Seminar helps law enforcement and prosecutors focus on 'drug driving'

04/01/2015 02:39 PM

COVINGTON – The Kentucky Office of the Attorney General is hosting a regional seminar this week in Covington to train police officers and prosecutors about the effective prosecution of a growing problem in the Commonwealth of Kentucky – DUI cases involving drugs.

Results of a National Highway Traffic Safety Administration 2013/2014 survey showed an increase in drug-positive drivers using medications (from 3.9% in 2007 to 4.9% in 2013–2014), and a larger increase in the prevalence of illegal drugs (from 12.4% in 2007 to 15.1% in 2013–2014).

Impaired driving is something that law enforcement has been constantly battling. Since prohibition law enforcement has been cracking down on drunk driving. But, police also have the often difficult task of spotting and proving drug impaired driving.

Bob Stokes, Kentucky Safety Resource Prosecutor for the Office of the Attorney General, who is the coordinator of the regional training sessions, says that law enforcement being able to identify people driving under the influence of drugs is critical for everyone’s welfare.

“Either with prescription drugs and also illicit drugs, if you’re not used to taking them, they are going to cause significant problems and those problems are going to cause someone who drives to have a real issue and it’s not going to be safe for them, and it’s certainly not going to be safe for other people on the road,” Stokes said.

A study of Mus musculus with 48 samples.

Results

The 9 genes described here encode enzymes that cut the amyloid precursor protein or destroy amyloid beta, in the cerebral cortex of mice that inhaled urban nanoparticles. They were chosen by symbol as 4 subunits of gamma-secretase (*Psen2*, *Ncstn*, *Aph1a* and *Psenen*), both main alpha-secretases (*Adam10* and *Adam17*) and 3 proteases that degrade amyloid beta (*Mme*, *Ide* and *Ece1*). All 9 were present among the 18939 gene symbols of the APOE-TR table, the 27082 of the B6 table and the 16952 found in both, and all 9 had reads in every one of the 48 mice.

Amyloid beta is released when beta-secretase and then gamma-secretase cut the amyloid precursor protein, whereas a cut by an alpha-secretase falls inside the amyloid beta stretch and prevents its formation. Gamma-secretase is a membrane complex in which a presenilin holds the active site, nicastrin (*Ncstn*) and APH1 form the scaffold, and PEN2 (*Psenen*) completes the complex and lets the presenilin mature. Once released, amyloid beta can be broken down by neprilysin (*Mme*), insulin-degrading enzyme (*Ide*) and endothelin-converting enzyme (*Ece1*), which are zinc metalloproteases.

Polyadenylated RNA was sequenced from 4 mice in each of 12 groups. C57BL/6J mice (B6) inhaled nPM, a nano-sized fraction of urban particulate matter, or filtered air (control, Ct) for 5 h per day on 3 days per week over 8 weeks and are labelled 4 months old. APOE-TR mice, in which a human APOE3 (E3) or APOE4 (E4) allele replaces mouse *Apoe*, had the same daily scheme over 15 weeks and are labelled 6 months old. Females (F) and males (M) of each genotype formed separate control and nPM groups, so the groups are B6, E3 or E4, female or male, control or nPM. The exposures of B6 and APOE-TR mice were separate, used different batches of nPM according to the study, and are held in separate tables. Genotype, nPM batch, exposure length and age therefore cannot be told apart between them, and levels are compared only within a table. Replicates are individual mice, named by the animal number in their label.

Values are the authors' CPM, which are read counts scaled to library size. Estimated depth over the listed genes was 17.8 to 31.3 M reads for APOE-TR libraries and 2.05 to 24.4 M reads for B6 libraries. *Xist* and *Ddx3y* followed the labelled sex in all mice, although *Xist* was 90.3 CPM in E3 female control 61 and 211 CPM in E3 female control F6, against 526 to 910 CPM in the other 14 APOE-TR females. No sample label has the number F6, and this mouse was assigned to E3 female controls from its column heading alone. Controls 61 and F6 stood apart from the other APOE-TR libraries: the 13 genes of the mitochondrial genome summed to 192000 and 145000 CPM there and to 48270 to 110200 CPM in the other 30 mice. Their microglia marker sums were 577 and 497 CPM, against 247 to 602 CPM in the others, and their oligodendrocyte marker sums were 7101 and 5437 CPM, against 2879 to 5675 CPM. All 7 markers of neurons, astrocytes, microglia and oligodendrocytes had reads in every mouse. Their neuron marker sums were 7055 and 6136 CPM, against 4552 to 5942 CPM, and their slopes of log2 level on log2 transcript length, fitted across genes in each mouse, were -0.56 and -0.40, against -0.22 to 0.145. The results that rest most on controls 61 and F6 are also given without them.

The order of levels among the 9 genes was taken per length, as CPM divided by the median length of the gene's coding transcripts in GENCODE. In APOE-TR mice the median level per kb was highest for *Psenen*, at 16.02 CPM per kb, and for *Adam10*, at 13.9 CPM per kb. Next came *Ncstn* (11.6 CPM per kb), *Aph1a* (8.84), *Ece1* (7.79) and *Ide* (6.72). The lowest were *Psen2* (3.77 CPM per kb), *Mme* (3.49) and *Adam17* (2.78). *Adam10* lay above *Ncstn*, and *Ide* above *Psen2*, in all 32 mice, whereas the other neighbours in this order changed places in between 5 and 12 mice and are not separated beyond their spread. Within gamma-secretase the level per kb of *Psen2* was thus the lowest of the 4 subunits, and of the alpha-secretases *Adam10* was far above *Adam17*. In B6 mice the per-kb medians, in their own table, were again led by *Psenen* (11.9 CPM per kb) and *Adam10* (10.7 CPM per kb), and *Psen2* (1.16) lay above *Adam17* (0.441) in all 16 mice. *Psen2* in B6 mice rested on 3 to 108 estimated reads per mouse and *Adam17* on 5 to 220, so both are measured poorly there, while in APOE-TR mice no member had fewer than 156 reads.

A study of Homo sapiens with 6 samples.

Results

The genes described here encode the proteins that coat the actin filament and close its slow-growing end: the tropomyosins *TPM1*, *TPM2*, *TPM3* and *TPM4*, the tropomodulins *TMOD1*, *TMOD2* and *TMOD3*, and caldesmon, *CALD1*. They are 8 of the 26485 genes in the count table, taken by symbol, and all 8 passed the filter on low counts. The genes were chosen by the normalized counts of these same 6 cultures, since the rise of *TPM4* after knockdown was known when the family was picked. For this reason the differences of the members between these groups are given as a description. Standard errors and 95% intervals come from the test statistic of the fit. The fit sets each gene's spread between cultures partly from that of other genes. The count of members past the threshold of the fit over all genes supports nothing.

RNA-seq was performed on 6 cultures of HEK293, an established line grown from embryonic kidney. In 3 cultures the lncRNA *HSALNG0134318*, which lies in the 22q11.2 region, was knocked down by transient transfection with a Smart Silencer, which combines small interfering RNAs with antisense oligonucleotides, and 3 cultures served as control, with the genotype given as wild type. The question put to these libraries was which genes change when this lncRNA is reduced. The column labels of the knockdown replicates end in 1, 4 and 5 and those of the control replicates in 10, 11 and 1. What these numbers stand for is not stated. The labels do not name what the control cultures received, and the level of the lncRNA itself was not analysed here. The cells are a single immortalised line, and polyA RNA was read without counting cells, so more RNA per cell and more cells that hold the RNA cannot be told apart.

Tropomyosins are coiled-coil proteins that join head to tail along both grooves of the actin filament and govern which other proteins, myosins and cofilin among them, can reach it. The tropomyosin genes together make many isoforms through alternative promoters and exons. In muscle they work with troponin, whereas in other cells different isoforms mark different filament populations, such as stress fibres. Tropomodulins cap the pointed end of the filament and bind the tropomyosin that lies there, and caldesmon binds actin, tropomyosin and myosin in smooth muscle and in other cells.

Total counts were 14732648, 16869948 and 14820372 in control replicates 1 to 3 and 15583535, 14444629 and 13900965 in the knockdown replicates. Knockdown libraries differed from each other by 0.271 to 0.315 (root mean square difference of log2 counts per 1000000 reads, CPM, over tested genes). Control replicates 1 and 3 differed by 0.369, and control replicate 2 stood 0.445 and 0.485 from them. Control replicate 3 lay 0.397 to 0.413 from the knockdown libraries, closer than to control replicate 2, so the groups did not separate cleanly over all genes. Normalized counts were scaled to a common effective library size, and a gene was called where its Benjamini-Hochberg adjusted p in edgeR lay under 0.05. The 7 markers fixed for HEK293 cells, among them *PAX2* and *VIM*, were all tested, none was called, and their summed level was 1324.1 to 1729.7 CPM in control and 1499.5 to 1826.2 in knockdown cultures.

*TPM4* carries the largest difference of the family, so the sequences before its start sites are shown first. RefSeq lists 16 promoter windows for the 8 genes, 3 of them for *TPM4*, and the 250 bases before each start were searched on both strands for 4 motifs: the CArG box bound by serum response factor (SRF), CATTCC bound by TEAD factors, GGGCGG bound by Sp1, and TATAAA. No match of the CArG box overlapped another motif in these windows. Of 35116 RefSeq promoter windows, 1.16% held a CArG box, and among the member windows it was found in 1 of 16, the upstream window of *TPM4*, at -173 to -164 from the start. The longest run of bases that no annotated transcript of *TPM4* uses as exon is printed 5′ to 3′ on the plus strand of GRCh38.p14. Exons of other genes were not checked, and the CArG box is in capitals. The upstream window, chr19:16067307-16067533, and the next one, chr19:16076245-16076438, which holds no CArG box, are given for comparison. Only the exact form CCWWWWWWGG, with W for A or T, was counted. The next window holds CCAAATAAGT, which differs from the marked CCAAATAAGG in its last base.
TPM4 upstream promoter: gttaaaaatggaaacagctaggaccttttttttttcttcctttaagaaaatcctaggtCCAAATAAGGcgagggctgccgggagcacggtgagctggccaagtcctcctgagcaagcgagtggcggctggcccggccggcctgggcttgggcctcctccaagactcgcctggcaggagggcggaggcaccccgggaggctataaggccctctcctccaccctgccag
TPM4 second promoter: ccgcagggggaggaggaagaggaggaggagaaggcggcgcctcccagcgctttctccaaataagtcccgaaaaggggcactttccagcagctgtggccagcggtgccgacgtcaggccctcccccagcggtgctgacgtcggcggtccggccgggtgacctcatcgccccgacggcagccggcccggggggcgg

Commonwealth Attorney for Whitley and McCreary counties, Allen Trimble, says that for prosecutors, their world, relating to drug use, is constantly changing and requires
constant education.

“It’s a never changing environment,” Trimble said. “It changes from week to week, from month to month, and, as prosecutors, you just got to keep up with it.”

The training program is funded through the Kentucky Office of Highway Safety with grant funds provided by the National Highway Traffic Safety Administration. Assistance for the training is provided by the Kentucky Office of Highway Safety and the Kentucky State Police.


Subscribe to email updates.

Subscribe and get the latest political intelligence delivered to your inbox.